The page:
Judge hears arguments in FAA showdown over gun-firing, flame-throwing drones

A judge in Connecticut Wednesday said he planned to rule within a week in a father and son's case against the Federal Aviation Administration over YouTube videos of gun-toting, flame-throwing drones.

Austin Haughwout, 19, of Clinton, and his father, Bret Haughwout, produced the videos. They've refused to comply with subpoenas issued by the U.S. attorney's office on behalf of the FAA, saying the subpoenas violate their constitutional right to be free from unreasonable searches and seizures and questioning the agency's authority to regulate recreational drones.

U.S. District Judge Jeffrey Meyer gave both sides a deadline of Monday, July 11 to file any additional documents.

One of the Haughwouts' videos, viewed more than 3.7 million times, shows a flying drone equipped with a handgun firing rounds. Another video, viewed nearly 600,000 times, shows a flying drone with a flamethrower lighting up a spit-roasting Thanksgiving turkey. Both videos were recorded in the family's yard.

In arguments that lasted about an hour, attorneys debated the FAA's authority to enforce rather than simply investigate. The judge questioned whether or not the FAA had the authority to regulate everything airborne, even objects mere inches off the ground.

Assistant U.S. Attorney John Larson argued that yes, the agency should have the right to regulate anything designed or intended to fly or leave the ground.

In this case, FAA officials have claimed they just want to conduct an investigation because all they know about the drones is what they can see in the videos.

They would like to know how the drones in question were used in other instances. They say the record in this case is "non-existent."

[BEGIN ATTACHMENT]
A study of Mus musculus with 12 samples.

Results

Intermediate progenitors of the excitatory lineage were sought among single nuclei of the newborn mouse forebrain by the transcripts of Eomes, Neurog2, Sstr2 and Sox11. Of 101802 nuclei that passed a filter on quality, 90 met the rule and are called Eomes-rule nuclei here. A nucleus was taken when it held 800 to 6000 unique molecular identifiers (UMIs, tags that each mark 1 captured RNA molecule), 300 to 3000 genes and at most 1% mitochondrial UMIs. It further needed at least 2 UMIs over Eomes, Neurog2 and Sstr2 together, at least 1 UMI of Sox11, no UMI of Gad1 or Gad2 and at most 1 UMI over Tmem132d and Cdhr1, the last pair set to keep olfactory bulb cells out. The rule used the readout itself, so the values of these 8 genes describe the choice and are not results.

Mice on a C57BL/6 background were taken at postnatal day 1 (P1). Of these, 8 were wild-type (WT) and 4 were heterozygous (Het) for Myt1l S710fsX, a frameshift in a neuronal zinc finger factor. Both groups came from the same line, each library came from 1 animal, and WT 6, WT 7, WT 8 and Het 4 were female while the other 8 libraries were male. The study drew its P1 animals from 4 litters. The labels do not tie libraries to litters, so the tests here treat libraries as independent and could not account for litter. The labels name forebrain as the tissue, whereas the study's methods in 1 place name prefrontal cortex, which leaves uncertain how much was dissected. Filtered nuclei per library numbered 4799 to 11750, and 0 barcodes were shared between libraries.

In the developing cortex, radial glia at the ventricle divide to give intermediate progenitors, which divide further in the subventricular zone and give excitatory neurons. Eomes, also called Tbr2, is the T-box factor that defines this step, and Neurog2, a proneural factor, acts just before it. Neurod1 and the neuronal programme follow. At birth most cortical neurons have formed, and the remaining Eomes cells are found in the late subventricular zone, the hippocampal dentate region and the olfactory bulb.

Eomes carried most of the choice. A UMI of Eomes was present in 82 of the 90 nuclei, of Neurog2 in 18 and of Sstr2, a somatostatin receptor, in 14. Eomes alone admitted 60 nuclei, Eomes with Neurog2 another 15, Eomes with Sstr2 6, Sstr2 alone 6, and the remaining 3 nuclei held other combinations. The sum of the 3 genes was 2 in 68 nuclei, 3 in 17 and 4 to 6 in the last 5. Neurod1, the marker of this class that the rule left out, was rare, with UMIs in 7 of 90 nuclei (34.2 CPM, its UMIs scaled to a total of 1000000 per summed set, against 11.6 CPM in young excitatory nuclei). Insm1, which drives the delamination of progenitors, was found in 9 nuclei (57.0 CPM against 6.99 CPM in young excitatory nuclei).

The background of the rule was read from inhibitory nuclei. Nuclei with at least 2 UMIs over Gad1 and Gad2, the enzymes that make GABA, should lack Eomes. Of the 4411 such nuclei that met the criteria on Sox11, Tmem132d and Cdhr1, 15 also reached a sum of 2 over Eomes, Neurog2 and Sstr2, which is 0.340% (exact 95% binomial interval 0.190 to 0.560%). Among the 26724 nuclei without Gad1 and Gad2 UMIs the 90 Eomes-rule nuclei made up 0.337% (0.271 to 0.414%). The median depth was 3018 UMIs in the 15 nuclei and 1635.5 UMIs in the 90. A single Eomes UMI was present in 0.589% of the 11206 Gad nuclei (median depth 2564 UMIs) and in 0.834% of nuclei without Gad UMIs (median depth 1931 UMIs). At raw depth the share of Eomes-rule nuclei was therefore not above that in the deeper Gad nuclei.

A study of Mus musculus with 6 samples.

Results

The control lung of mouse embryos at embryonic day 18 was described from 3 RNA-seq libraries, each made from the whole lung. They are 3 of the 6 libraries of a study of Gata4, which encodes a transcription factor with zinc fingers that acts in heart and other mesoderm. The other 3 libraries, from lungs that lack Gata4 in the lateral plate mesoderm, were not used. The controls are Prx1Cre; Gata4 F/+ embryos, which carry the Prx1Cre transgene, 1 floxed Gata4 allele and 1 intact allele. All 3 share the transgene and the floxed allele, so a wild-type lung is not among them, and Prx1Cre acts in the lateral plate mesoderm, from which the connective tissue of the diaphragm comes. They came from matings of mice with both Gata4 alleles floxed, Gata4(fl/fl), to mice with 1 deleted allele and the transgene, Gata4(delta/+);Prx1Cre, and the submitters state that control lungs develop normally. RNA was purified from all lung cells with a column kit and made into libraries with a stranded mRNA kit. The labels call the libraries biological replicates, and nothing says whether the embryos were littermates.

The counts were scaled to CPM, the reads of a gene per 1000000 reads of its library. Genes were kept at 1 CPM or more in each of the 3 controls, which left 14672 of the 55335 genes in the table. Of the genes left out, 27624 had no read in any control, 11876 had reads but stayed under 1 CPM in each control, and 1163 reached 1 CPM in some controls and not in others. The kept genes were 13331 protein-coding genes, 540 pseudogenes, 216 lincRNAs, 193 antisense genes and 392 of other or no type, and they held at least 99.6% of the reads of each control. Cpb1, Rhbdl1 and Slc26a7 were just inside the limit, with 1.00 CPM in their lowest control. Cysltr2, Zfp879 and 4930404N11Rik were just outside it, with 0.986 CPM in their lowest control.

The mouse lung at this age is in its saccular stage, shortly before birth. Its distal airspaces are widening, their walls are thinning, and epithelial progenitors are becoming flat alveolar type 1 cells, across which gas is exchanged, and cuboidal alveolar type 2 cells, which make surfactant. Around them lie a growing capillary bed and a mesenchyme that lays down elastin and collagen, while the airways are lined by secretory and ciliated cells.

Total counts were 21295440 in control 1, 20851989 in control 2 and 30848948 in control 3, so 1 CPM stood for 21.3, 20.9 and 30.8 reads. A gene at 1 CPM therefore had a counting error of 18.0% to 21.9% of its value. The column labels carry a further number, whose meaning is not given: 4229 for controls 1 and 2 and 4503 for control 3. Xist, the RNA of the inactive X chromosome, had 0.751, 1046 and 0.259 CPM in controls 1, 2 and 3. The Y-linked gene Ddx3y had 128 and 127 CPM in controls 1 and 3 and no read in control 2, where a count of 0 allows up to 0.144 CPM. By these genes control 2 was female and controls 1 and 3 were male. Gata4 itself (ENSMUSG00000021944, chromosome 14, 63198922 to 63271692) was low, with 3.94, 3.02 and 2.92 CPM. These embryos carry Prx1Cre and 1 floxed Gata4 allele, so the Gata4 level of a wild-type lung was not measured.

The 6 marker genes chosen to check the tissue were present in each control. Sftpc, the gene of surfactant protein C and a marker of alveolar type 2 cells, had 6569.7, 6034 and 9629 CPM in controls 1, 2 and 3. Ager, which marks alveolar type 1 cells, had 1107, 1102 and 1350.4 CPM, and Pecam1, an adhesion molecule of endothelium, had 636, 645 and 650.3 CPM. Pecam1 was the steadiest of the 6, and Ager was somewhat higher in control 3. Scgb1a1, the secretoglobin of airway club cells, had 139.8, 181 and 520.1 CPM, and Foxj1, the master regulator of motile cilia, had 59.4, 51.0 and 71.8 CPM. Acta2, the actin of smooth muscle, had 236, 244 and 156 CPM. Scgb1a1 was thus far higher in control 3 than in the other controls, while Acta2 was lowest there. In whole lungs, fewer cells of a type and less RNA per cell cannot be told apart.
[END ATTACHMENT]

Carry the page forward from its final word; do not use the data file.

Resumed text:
Defense attorneys argued whether drones are correctly defined as aircraft and therefore fall under the juristiction of the FAA. They told the court the FAA doesn't disguish between a paper airplane and their client's drone.

"This is a kid playing in his backyard," defense attorney Mario Cerame said in court documents.

Austin Haughwout claims in a state lawsuit that he was expelled from Central Connecticut State University on bogus threatening allegations by school officials who were really concerned about the drone videos. The lawsuit seeks his reinstatement to the school.

School officials deny the allegations and say Haughwout was expelled for making threatening statements and gestures toward other people on campus.

Austin Haughwout has been in and out of the news over the past two years. On Thursday, Clinton police announced they charged him with enticing a minor with a computer, attempted sexual assault and possession of child pornography after police say they found child porn on his cellphone.

Last year, Clinton police charged him with assaulting officers. The case remains pending.

In 2014, a woman was charged with assaulting Haughwout because she was upset he was using a drone to film above a state beach in Madison. Haughwout posted a video of the confrontation on YouTube that has been viewed more than 500,000 times.

Fox News' Lissa Kaplan and The Associated Press contributed to this report.